Melody and I don't go out to see many movies in the theater, but I took a couple days of vacation last week and on one of those days I went downtown to the Cinerama to see Star Trek. Since I went to a matinee there was no line and the theater was less than half full, even though the movie was released less than a week before.
The Cinerama is easily my favorite movie venue in the Seattle area. Just a single screen, but it's a big one. Behind that screen is an even larger one which is curved and designed for three-strip films. To give you an idea of how large it is, Wikipedia says the standard IMAX screen is 72 feet wide and 53 feet high; the Cinerama's large screen is 90 feet wide and 30 feet high (the smaller screen is 68 feet wide).
The 90-foot screen is unusual since it's partially made up of individual strips less than an inch wide and positioned to make a deep curve while still directing the image to the audience instead of the side of the theater. Again referencing Wikipedia, its Cinerama entry shows illustrations of how the three projectors are set up and gives you an idea of just how wide a three-strip image is.
Of course the seats are comfortable and the sound more than fills the theater (it's actually a bit loud for my taste). We've seen many movies there; the Cinerama is where I went to see the rerelease of the Indiana Jones movies.
I've also seen Star Wars movies at the Cinerama, so it seemed a bit of a mental shift to watch Star Trek in the same venue. There were no people in costume, but the nod to geekdom was all of the smart phones I saw in use before the lights dimmed. Literally one out of every four or five people around me was looking at a phone, and the woman next to me didn't turn hers off until a few minutes into the actual movie.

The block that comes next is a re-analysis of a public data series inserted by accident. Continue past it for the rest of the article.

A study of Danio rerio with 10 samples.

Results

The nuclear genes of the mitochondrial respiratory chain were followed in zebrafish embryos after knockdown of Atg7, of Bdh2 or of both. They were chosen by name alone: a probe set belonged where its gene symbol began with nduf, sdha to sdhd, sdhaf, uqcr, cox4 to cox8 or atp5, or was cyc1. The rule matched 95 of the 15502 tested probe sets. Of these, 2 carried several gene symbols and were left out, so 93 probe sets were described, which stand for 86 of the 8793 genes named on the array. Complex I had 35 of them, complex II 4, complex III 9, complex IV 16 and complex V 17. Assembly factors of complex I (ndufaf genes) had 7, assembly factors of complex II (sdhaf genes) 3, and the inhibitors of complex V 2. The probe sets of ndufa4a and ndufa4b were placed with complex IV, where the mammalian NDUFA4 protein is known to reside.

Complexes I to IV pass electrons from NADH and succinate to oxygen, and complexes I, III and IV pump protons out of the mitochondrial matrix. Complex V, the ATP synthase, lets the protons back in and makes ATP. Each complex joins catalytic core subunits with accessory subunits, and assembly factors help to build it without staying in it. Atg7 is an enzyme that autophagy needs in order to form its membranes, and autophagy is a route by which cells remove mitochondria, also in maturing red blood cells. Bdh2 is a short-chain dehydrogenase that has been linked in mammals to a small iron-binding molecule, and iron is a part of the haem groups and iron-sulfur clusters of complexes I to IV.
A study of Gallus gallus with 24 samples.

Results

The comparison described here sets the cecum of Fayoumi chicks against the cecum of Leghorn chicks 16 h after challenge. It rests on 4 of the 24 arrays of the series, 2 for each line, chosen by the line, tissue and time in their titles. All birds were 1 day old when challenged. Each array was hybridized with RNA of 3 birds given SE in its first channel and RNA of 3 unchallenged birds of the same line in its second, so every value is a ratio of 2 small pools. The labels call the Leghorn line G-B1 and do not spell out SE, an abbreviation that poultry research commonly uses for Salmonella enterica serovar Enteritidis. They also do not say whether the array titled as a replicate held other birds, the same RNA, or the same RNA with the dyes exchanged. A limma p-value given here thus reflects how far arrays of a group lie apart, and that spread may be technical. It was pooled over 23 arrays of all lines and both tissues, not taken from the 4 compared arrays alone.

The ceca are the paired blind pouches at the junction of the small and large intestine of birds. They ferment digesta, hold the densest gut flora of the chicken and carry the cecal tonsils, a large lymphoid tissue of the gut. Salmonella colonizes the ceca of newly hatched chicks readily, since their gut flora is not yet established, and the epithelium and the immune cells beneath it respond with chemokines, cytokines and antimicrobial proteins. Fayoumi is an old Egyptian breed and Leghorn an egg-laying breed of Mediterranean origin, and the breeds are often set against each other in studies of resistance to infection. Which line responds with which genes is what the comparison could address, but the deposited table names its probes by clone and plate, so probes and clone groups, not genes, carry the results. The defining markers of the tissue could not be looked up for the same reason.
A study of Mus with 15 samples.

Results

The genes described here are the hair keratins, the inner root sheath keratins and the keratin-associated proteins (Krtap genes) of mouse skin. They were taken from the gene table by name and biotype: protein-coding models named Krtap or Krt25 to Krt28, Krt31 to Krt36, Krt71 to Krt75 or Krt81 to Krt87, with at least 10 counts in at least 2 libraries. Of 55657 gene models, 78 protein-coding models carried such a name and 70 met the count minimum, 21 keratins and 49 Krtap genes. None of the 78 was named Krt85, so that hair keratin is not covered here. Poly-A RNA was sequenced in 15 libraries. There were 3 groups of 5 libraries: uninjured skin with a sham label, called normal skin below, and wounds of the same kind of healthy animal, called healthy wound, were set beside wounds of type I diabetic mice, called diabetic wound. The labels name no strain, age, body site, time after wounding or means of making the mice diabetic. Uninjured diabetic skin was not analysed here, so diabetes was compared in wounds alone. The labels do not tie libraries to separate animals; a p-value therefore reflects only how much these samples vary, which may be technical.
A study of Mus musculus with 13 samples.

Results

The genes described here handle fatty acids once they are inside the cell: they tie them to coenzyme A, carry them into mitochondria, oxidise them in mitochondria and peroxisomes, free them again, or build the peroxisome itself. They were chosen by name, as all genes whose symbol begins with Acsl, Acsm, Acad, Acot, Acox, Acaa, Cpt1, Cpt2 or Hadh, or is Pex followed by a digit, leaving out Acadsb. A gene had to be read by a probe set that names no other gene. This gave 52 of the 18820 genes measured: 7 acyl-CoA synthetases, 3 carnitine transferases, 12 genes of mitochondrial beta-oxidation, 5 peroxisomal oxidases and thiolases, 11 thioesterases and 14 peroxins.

What did I think of the movie itself? It was fun, and did a good job at hitting the tone of the TV show. You know that you're going to get plot twists and lots of action with a J.J. Abrams movie, and Star Trek is no exception. It did, however, feel like it was missing a bit of the Star Trek essence; even though it did a pretty good job of using the action sequences to further the plot, I think Gene Roddenberry's vision as personified on TV concentrated more on having the action further character development. Not that I think the movie failed in that way, since today's audience seems to want breathtaking action and complex special effects.
I'd still definitely recommend the movie to Star Trek fans, if only to see a different vision of the Star Trek universe. Non-fans would also enjoy it as a good example of a science fiction/action picture. The part I felt the most need to suspend disbelief is how all the main characters happened to end up on the same ship the way they did, since that breaks with how the characters came together on TV. However, it ends up not really mattering anyway (and that comment will make more sense once you've seen the movie).